My freshman comp students just finished reading this essay, which afterwards prompted a lively discussion on gender roles. A student pointed out, rightly so, that the saying "boys will be boys" has no counterpart for girls. We don't ever say "girls will be girls" and shrug away their behavior because we don't need to justify it to ourselves or to others. In her essay Sommers warns against attempts to "resocialize" boys in the name of promoting gender equality between the sexes. Pushing sameness on boys and girls is unhealthy--boys and girls are different, she points out, and they play differently. We need to celebrate the differences and work within them, not against them.
That boys and girls play differently is certainly not a news flash to any parent who is raising both a son and a daughter. Years ago, before I became a parent or was even pregnant with my first child, I read some social-psychologically-based article on gender and the nature/nurture debate and I thought to myself right then that if I had a boy some day I would buy him a doll, and maybe a dollhouse, and I'd play sensitive pretend-play games with him and we would never ever allow any toy weapons of any kind in our house. Ever.
And L. did love his yard sale cabbage patch knock-off baby we got him when he was three, and I was pregnant with T. He was also delighted at age two when I set up my old Lundby dollhouse in the family room downstairs. Fast forward a few years to when L. was four, and I was sitting outside in our front yard, watching him play. I looked up from my book and saw that he was making something interesting out of a long stick and a piece of blue yarn.
"What's that, buddy?" I asked. Was it a musical instrument? An airplane? A kite?
"Look Mama!" He said, proudly. "It's a BOW AND ARROW so I can go fight!"
I had to gulp away my horror and I tried to redirect the direction his creative handiwork was taking. Wouldn't you rather turn it into a flying machine? Or a violin?( No and No.)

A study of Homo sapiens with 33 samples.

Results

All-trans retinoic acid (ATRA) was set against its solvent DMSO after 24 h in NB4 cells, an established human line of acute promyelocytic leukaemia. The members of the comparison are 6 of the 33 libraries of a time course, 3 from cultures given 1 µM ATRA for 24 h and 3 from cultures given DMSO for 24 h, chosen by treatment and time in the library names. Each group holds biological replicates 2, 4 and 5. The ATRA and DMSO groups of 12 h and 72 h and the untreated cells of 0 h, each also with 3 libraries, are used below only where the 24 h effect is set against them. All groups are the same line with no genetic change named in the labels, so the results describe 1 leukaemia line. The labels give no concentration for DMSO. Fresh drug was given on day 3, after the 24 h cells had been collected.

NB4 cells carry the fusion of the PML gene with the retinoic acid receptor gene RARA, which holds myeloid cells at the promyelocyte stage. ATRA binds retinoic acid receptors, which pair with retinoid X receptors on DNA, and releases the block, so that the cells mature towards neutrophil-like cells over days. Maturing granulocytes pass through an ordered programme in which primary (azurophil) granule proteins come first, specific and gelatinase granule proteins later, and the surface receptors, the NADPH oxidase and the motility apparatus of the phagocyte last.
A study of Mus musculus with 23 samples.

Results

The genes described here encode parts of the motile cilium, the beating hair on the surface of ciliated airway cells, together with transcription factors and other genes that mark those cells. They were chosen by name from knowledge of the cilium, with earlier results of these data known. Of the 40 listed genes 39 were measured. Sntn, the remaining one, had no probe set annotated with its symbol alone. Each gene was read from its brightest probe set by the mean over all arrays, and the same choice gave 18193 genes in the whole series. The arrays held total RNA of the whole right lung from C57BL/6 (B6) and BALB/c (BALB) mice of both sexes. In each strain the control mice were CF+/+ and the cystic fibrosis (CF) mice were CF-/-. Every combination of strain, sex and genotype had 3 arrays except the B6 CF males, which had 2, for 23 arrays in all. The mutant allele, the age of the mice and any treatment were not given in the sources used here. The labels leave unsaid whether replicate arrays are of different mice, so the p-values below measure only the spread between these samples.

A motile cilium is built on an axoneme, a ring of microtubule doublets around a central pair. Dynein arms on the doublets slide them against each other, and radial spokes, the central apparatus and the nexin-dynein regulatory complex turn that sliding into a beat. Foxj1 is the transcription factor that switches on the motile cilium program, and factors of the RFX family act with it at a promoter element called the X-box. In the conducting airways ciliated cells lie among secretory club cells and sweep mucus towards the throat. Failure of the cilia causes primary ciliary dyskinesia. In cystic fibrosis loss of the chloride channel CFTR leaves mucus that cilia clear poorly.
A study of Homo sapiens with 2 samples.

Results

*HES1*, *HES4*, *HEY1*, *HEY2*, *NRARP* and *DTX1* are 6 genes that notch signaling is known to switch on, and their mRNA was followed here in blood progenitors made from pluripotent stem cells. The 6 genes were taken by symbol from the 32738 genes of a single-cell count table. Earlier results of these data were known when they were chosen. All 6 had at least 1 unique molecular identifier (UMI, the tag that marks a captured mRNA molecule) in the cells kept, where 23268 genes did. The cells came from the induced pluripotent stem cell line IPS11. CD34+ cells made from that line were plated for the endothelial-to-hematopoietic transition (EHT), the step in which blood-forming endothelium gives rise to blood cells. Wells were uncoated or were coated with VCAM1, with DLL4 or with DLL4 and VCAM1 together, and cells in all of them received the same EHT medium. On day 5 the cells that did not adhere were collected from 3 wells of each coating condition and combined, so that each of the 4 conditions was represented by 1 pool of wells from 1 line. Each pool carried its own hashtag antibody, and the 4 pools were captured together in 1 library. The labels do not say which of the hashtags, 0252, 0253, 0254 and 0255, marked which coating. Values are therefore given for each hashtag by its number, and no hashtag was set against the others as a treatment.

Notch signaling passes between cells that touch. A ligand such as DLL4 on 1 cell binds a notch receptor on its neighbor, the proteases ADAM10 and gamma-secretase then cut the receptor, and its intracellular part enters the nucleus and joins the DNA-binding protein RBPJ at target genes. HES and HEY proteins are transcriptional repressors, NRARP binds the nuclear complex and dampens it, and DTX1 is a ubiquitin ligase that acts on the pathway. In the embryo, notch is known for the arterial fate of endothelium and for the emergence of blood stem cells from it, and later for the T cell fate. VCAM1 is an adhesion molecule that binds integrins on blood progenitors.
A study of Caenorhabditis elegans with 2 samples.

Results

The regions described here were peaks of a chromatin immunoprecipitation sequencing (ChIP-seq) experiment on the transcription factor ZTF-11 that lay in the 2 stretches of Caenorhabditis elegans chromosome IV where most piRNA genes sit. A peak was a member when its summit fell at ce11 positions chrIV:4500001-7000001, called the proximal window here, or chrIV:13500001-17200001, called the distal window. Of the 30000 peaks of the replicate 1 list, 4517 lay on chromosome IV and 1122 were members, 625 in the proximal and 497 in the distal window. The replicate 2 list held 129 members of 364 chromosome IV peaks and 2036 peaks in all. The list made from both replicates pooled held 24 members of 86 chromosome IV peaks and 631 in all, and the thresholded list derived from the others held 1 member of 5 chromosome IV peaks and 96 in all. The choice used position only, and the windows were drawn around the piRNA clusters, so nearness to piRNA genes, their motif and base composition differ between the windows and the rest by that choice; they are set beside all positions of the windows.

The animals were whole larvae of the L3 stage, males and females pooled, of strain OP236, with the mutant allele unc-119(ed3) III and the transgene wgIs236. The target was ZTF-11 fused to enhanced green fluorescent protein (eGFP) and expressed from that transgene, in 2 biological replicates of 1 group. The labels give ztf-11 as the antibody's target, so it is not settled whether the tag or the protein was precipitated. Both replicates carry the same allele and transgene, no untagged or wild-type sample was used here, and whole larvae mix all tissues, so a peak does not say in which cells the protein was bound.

I felt badly, though, looking back, that I did try and redirect him instead of praising him up front about his creation. It was a really nice bow and arrow and he was only four. I was thrown, though, by where the idea had come from in the first place. Was the need to craft a weapon out of sticks genetically encoded into his DNA? If you give a little boy sticks and string will he always turn it into a weapon? More than likely he had seen something like that in a book, and was possessed with the need to recreate the image--something he still does today, through drawing and making 3-D models with his Sketch-Up program on the computer. Sommers' essay, though, and her account of her son's experience in the Negev Dessert, brought back the memory of L.'s bow and arrow, as it had been just yesterday.
L. is almost 11, and his sister, 7. She makes dolls out of sticks and acorn cups and scraps of yarn for the hair, of course. We still model sensitivity and empathy to L. like there's no tomorrow--but not because we're afraid that if we don't his masculinity will explode, unleashed, upon an unsuspecting society. We also model sensitivity and empathy to T., too, because no one can ever get enough of those things, no matter who you are. Sensitivity training shouldn't be only for our boys. I know a few girls here and there who could benefit from it. Today L. is also the proud owner of four different light sabers, and four Nerf blasters and an electronic target, which hangs on his bedrom wall. He also has a bucket of little green plastic soldiers, and an impressive collection of Star Wars action figures, armed with tiny plastic blasters of their own. Sometimes I look back and squirm a little, feeling like we sold out and caved to a shameful marketing industry that compartmentalizes boys and girls and perpetuates dangerous stereotypes. Other times, though, I just see my son--sensitive and thoughtful-- artistic, too, just having a great time, in his own world, with his boy things.
And T. can hold her own with a light saber, too.